Flowers | Kingsland Road

Exhibition Detail
Angela Flowers at 80
82 Kingsland Road
London E2 8DP
United Kingdom


December 4th, 2012 - February 9th, 2013
Opening: 
December 3rd, 2012 6:00 PM - 8:00 PM
 
,
© Courtesy of Flowers
> QUICK FACTS
WEBSITE:  
http://www.flowersgallery.com
NEIGHBORHOOD:  
shoreditch, hoxton
EMAIL:  
info@flowersgallery.com
> DESCRIPTION

Group exhibition celebrating the career of Angela Flowers on the occasion of her 80th birthday

Angela Flowers is one of the most prominent contemporary art dealers in the UK. She established her first gallery in an attic space above a left wing co-op in central London more than 40 years ago. Flowers Gallery now operates internationally out of three spaces: Shoreditch and Mayfair in London and Chelsea, New York.

Angela is credited with an intuition that has seen her pre-figure the BritArt explosion and trail-blaze the artistic route to East London. She is one of few gallerists to have succeeded in guiding her business through five recessions, and on the way has helped to launch the careers of artists including Ian Breakwell, Tom Phillips, Nicola Hicks and Penelope Slinger.

Quick to gain a reputation for presenting museum quality exhibitions, Angela has shown many of today’s most recognised names in art, among them Anish Kapoor, Anthony Gormley, Ron Mueck, Jake and Dinos Chapman, Tony Cragg, Richard Long, Marc Quinn and Anthony Caro. She was the first UK galleriest to show Lucian Freud’s Benefits Supervisor Sleeping and, always at the forefront of the Avant-garde, was staging exhibitions of performance art, installations and colour photography long before they were embraced by the wider art world.

It was Angela’s belief in the power of new ideas that set her among the first to embrace what is now commonplace: an online gallery presence, and this same belief that led her to launch ‘Artist of the Day’: a single-day exhibition of work by one artist selected to show at the gallery by another artist, which continues to this day.

By the time she opened her first gallery Angela Flowers had already studied to become a singer, worked in film, photography and advertising, proposed to photographer Adrian Flowers and given birth to three sons and a daughter.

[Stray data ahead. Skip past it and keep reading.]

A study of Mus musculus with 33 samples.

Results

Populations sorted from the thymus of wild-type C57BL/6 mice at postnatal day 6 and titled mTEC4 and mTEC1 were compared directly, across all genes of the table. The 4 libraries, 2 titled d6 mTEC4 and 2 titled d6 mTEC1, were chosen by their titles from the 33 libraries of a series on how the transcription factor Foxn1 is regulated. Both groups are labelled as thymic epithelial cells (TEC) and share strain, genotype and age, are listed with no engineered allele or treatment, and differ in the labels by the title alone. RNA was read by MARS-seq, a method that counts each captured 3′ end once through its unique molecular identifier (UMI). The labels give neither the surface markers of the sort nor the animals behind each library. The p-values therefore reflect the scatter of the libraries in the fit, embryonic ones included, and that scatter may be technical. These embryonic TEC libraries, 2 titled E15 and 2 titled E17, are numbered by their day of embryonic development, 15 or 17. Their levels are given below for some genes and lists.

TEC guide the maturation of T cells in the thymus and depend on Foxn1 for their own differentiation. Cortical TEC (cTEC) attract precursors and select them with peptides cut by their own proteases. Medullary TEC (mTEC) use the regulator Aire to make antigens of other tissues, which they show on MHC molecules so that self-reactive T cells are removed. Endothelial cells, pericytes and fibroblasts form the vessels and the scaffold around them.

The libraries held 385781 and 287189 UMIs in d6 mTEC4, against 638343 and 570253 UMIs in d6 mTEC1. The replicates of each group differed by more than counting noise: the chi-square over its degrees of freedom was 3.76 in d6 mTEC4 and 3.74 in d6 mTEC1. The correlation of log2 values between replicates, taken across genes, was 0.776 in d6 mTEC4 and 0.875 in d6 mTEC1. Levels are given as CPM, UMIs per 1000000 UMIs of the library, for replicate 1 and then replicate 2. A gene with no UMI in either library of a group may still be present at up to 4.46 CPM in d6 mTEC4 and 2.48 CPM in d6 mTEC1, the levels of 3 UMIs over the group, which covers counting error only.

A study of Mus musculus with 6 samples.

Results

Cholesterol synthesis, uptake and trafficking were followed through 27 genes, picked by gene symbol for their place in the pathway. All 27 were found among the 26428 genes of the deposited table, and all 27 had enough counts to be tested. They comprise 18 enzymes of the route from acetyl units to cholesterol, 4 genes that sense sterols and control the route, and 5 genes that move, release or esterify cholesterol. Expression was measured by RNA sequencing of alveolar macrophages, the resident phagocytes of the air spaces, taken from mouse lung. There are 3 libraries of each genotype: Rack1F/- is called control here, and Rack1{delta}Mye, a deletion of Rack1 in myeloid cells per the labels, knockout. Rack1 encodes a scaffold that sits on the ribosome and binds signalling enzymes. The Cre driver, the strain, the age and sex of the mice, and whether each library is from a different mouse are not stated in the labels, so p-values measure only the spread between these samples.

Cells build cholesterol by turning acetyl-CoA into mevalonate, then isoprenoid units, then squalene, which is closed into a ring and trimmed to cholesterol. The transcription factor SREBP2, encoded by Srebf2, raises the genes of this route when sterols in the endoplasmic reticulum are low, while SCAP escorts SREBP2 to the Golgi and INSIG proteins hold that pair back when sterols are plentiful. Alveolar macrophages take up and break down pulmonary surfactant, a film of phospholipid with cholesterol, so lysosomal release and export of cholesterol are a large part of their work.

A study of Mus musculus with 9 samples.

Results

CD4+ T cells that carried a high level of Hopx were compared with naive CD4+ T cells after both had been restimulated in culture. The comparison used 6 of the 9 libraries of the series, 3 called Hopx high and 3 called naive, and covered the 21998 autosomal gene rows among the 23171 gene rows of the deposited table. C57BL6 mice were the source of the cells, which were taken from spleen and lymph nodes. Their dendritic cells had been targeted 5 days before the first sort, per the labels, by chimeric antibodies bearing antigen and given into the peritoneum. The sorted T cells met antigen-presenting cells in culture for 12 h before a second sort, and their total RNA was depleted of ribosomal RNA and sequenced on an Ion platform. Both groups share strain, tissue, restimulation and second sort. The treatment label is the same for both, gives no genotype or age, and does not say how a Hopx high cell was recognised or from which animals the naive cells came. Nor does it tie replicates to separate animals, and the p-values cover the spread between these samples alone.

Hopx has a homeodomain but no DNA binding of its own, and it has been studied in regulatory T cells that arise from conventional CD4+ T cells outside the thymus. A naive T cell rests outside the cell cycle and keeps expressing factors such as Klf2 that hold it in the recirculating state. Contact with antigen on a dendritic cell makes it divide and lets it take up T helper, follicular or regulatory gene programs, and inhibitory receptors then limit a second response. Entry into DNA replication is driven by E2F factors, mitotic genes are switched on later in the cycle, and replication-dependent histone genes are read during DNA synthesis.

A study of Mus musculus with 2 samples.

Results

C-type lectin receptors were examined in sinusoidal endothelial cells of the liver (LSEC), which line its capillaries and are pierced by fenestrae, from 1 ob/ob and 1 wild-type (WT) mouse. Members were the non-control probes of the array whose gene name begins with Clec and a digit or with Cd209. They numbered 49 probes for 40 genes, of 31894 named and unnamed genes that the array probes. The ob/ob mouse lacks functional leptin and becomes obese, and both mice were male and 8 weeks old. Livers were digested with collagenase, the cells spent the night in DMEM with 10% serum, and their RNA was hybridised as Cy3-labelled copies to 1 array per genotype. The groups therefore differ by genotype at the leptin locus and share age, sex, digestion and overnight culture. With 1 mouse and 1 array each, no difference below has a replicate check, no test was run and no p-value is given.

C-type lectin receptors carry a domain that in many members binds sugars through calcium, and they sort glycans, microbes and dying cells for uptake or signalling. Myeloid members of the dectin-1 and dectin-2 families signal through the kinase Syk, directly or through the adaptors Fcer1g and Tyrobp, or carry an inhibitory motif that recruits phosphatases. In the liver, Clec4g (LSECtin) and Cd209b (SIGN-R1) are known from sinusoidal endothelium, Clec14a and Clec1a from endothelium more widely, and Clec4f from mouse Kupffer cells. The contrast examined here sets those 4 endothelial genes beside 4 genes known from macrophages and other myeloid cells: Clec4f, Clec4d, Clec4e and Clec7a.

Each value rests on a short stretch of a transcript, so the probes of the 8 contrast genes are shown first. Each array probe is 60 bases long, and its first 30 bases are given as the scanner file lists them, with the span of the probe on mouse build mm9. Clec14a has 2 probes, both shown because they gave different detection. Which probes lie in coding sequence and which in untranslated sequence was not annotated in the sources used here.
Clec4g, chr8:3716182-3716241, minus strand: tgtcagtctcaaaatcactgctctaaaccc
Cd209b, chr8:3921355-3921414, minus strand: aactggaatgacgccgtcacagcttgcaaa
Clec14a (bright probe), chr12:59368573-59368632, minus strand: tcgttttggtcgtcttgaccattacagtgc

Angela’s introduction to the professional art world came when her husband was asked to take photographs that would illustrate the catalogues of a group of artists living in St. Ives, among them Ben Nicholson, Barbara Hepworth, Roger Hilton and Terry Frost. Often paid in artworks rather than cash, the couple began to amass a collection and around this time people started to assume that Angela was somehow ‘in the business’.

A stint as Bookkeeper at the Institute of Contemporary Art followed before Angela set up the Lisle Street gallery. By September 1970 she had met and fell in love with the management writer Robert Heller. Heller and the theatrical impresario Michael White both became early Directors of the gallery, White commenting that he would back Angela whatever she did. With their help, Flowers moved to a more spacious gallery on Portland Mews.

Angela’s divorce from Adrian came through on her 40th birthday and led to a period of estrangement from her son, Matthew, who is now Managing Director at Flowers. In 1973 she became pregnant with Rachel Heller, who was born with Downs Syndrome and is now a successful practising artist.

The subsequent years have seen Angela go from strength to strength, moving her galleries to larger spaces, becoming a Senior Fellow at the Royal College of Art and being awarded an honorary doctorate by the University of East London.

Angela Flowers will turn 80 years old in December; in celebration the gallery will launch a new website and open a special exhibition, running from 4 December 2012 to 9 February 2013, which will present works by a large cross-section of artists she has worked with over the years. In showing this wide number of artists, practising in varying mediums, Angela will bring together some of the many strands of Flowers’ colourful history; the exhibition is both a nod to an exciting past and a reminder that more is yet to come.